From your earlier posts you have a '79 Shadow II in which case the thermal fuse is mounted on the alternator bracket. It's the black plastic rectangular block which as three thick cables connected to it.
It serves a dual function, Firstly it contains a fusible link that would blow instantly if the compressor clutch coil, or cable between the coil and the fuse were to short. The third connection goes to the superheat switch mounted in the back of the compressor. When this grounds, for example when the refrigerant is low, it causes a resistor mounted next to the fusible link to gradually heat up. If this happens for an extended period the heat generated melts the link cutting the supply to the compressor clutch. From your description this is possibly what has happened.
If I recall, the three connections are marked S, B & C and correspond with connections to the superheat switch, battery (supply or input) and compressor clutch.
Its purpose is to protect the compressor against a low refrigerant charge that would cause compressor damage. Under this condition it would heat for extended period as the superheat switch provides a constant ground. Transient conditions, that are not damaging to the system, however do not allow the resistor to get hot enough to melt the fuse.
The gradual heating of the resistor should differentiate between the two however there was a factory modification that involved adding yet another resistor in series with the first that extended the heating time even further.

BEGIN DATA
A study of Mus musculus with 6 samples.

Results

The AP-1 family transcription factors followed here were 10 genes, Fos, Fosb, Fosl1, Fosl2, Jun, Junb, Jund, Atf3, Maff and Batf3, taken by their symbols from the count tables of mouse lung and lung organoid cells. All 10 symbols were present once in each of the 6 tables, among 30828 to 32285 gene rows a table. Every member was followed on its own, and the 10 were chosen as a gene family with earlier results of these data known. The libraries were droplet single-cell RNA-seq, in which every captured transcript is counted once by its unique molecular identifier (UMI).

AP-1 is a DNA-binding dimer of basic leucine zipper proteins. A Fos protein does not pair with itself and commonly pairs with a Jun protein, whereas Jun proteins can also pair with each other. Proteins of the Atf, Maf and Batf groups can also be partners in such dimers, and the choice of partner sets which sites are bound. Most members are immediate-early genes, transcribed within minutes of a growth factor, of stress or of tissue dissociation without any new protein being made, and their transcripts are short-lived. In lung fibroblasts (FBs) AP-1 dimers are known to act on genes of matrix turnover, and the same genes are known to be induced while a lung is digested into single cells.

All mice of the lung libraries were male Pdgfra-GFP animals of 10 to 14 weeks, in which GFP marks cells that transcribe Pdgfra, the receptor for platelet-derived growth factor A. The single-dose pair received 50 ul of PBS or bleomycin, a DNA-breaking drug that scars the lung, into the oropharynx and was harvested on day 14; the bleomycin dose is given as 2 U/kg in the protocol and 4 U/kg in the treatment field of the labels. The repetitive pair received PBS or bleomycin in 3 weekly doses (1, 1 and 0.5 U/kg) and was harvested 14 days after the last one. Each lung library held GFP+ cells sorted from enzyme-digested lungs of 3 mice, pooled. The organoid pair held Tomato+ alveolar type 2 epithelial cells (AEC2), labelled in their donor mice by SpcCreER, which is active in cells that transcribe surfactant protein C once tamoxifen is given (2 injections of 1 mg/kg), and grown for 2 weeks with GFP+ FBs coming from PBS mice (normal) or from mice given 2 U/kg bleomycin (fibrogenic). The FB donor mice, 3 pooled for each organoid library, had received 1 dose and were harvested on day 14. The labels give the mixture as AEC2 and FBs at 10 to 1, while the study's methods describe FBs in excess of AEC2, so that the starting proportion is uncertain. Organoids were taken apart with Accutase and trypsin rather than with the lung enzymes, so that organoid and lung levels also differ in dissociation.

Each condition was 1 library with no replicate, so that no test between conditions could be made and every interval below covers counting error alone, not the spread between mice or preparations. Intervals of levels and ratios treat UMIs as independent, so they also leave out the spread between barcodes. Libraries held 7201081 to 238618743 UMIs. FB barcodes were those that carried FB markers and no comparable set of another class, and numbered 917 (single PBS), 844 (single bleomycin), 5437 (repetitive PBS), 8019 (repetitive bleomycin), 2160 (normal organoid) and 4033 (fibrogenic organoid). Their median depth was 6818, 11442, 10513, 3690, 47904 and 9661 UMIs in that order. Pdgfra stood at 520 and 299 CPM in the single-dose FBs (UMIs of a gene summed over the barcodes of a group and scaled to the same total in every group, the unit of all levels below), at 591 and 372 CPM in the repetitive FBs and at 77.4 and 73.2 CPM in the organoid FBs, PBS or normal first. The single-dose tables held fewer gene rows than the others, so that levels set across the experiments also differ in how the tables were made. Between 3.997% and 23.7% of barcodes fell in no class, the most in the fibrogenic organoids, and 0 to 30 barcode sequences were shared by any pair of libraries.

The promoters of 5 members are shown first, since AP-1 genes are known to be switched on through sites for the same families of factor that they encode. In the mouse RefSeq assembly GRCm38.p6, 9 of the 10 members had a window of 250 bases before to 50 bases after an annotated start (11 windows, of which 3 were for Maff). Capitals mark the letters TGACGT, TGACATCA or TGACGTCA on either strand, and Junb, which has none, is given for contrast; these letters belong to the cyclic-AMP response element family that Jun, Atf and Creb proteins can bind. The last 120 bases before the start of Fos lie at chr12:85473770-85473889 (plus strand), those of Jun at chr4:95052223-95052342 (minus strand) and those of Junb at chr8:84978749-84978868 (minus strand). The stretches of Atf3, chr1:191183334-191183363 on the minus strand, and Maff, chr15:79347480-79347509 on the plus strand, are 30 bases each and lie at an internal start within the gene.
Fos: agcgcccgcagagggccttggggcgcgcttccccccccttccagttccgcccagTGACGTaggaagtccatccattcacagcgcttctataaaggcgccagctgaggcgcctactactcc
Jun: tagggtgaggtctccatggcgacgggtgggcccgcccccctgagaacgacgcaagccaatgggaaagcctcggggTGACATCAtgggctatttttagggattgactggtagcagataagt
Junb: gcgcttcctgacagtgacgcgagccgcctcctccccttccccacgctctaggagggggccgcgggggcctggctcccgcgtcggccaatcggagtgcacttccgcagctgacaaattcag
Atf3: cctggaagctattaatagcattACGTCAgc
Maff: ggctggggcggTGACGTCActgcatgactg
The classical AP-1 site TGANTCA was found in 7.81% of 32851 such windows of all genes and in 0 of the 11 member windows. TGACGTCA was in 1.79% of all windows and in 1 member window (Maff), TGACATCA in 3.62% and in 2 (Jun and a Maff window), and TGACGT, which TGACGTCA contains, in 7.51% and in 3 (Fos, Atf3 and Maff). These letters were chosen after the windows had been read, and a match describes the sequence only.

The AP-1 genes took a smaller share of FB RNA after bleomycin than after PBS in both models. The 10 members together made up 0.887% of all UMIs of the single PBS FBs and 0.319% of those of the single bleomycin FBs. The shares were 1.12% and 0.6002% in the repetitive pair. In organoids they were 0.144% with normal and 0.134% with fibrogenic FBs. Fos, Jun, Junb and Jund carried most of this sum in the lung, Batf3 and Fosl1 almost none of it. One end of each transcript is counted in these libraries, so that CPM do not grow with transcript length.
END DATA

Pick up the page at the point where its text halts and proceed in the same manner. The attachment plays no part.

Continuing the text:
Like all fuses it can be jumped and a plastic Littelfuse can be used to bridge between the incoming supply current to the clutch feed, B & C. This provides protection to the clutch but obviously bypasses the superheat protection.
OE thermal fuses are quite expensive and difficult to get hold of but aftermarket ones are easy to order on line and in my experience are just as reliable and only 1/10th the price.
You sometimes see cars where a new original type fuse if fitted thermal protection is made ineffective by disconnecting the round push on connector to the superheat switch on the rear of the compressor. It's a good indication that someone's trying to hide a problem.